Disco fever swept the house, Crosby, Stills and Nash dazzled with their crystal-clear harmonies, and Michael Jackson emerged to give a rare speech. It was a night filled with surprises at the 12th annual Rock & Roll Hall of Fame induction ceremony, held at the Renaissance Hotel in Cleveland, where the Bee Gees, CSN and the Jackson 5 were inducted along with Buffalo Springfield, Joni Mitchell, Parliament-Funkadelic, the (Young) Rascals, gospel singer Mahalia Jackson, bluegrass pioneer Bill Monroe and King Records founder Syd Nathan. The soiree took place in Cleveland for the first time since the Hall of Fame and Museum opened in late 1995.
Parliament-Funkadelic kicked off the night with a house-shaking medley of hits, including "Tear the Roof off the Sucker (Give Up the Funk)." Following their performance, the Artist, with wife Mayte in tow, inducted P-Funk (all 16 members made speeches) and cited their enormous influence on the Purple One's music. "One time, George [Clinton] sent me a tape and said, 'You pee on it, send it back to me and I'll pee on it. Then we'll see what we've got,' " the Artist said as his wife covered her face in embarrassment. (Later that night, he teamed with P-Funk for a jam at Cleveland's Odeon.)
Next up was Steven Van Zandt, who saluted blue-eyed-soul pioneers the Rascals. "To be white and sound that black," he quipped, "you had to be Italian." Van Zandt said that the first time he heard the band's "I Ain't Gonna Eat Out My Heart Anymore," he was making out with a girl: "It was the sexiest record I ever heard. Sexier than the sex I was having."
Shawn Colvin and Graham Nash inducted the absent Mitchell. After performing a stirring rendition of Mitchell's "Free Man in Paris," Colvin noted, "Joni used the word f--- long before it was fashionable."
The Bee Gees, presented by Beach Boy Brian Wilson and Tony Toni Ton\'e9 singer Raphael Saadiq, accepted their induction gleefully before giving one of the night's most popular performances: a sugar rush of disco faves like "Stayin' Alive" and "Jive Talkin'." "We are the enigma with the stigma," said Barry Gibb, referring to the group having been fricasseed by critics in the early days. With the Bee Gees' induction, he said, "we feel like we've come home."
An especially moving moment followed when Mavis Staples delivered a soaring gospel medley in tribute to the late Mahalia Jackson. "When she sang, you would just feel light as a feather," Staples said. "God, I couldn't get enough of her."
Staples' set was a nice lead-in for the night's most anticipated event: the Jackson 5. Michael Jackson bounded onstage ahead of his brothers to huge applause and said, "I'd like to say to our family, our children and, most of all, our mother and father: You were there to protect us with unselfish love, and because you were there, we are here."
The crowd was dead silent for a moment as Jackson stood on the stage with his arm around a young boy. Then he explained that the boy was his godchild and the son of the Bee Gees' Barry Gibb. (Whew!) At one point, Jackson admonished a cameraman. "I don't like that angle," he said, holding up his hand to the offending lens.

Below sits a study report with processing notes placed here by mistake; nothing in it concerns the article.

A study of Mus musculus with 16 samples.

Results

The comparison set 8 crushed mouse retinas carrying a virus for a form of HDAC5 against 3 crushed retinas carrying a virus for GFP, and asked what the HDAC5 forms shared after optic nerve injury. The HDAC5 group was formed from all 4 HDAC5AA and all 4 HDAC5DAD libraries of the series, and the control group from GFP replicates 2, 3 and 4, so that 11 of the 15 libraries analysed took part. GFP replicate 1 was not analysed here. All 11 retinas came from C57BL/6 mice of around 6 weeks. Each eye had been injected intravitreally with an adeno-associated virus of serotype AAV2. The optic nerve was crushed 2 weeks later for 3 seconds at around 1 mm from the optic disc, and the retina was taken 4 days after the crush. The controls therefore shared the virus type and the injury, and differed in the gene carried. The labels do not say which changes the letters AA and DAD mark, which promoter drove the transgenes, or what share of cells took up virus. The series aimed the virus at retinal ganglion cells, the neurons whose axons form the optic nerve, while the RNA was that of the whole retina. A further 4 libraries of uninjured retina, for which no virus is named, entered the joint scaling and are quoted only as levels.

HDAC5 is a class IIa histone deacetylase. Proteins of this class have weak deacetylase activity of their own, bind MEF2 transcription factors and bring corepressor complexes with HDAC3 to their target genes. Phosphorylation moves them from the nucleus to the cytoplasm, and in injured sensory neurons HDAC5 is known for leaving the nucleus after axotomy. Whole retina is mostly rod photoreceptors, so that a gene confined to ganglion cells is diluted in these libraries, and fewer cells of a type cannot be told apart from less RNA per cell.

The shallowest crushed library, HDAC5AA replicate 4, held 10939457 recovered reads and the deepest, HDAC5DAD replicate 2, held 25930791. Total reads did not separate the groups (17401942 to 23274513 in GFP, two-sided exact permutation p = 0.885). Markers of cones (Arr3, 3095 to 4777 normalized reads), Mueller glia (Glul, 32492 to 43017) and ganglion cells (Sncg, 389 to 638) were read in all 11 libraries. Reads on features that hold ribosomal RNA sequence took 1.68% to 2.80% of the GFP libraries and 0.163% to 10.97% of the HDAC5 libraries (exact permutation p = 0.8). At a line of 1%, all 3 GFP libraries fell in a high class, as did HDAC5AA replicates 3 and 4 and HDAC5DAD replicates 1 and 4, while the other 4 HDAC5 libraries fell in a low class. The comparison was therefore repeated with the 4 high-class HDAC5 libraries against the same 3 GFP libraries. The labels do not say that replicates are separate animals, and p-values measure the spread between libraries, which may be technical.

Motown Records' founder, Berry Gordy Jr., coaxed onstage by Jackson, said of the Jackson 5: "They not only had hit records, they were a cultural revolution. For the first time, young black kids had their own heroes in their own image to idolize and emulate."
The star power continued as Tom Petty inducted Buffalo Springfield with poetic praise: "They were bronze and brunette ... the city and the canyons ... electric and absolutely new acoustic ...They were immeasurably influential." Buffalo Springfield's Stephen Stills told the audience, "We were young, and our hearts beat wildly, and we ran amok on Sunset Strip." Stills became the first artist ever to be inducted twice in the same night. "I'm doubly blessed and doubly honored," he said backstage.
Besides Mitchell's no-show, the night's only other disappointment was the absence of Neil Young, who was in both CSNY and Buffalo Springfield with Stills. Earlier, Young had chastised the Hall of Fame for its $1,500 tickets and for allowing the event to be televised. Not that anyone cared. "This isn't about Neil Young," said his Springfield band mate Richie Furay. "It's about Buffalo Springfield." Added Stills: "Well, he quit again."
Emmylou Harris and Ricky Skaggs inducted bluegrass legend Bill Monroe. Skaggs, who broke down in tears several times during his speech, described Monroe as "a musical father to me."
Elektra Records chief Seymour Stein honored the late Syd Nathan (who had ignited the careers of James Brown and Little Willie John, among others). James Taylor introduced Crosby, Stills and Nash. David Crosby was particularly moved by the honor, given the fact that he had a liver transplant in late 1994: "I'm honored to be here tonight. For a guy who was supposed to be dead a couple of years ago, I'm doing quite well."
As the clock struck midnight, the Rascals mobilized to jam on a scorching medley of songs, including "Good Lovin' " and "Groovin'." Taylor followed with a stunning acoustic version of Mitchell's "Woodstock," after which CSN gave another of the night's big highlights: dazzling versions of classics like "Teach Your Children" and "Wooden Ships." Petty then joined the group onstage, and the bash came to a rousing finale with an all-star version of Buffalo Springfield's signature song, "For What It's Worth."
Judging by the gleeful looks on the faces spilling out of the ballroom just after 1 a.m., the night was worth every penny.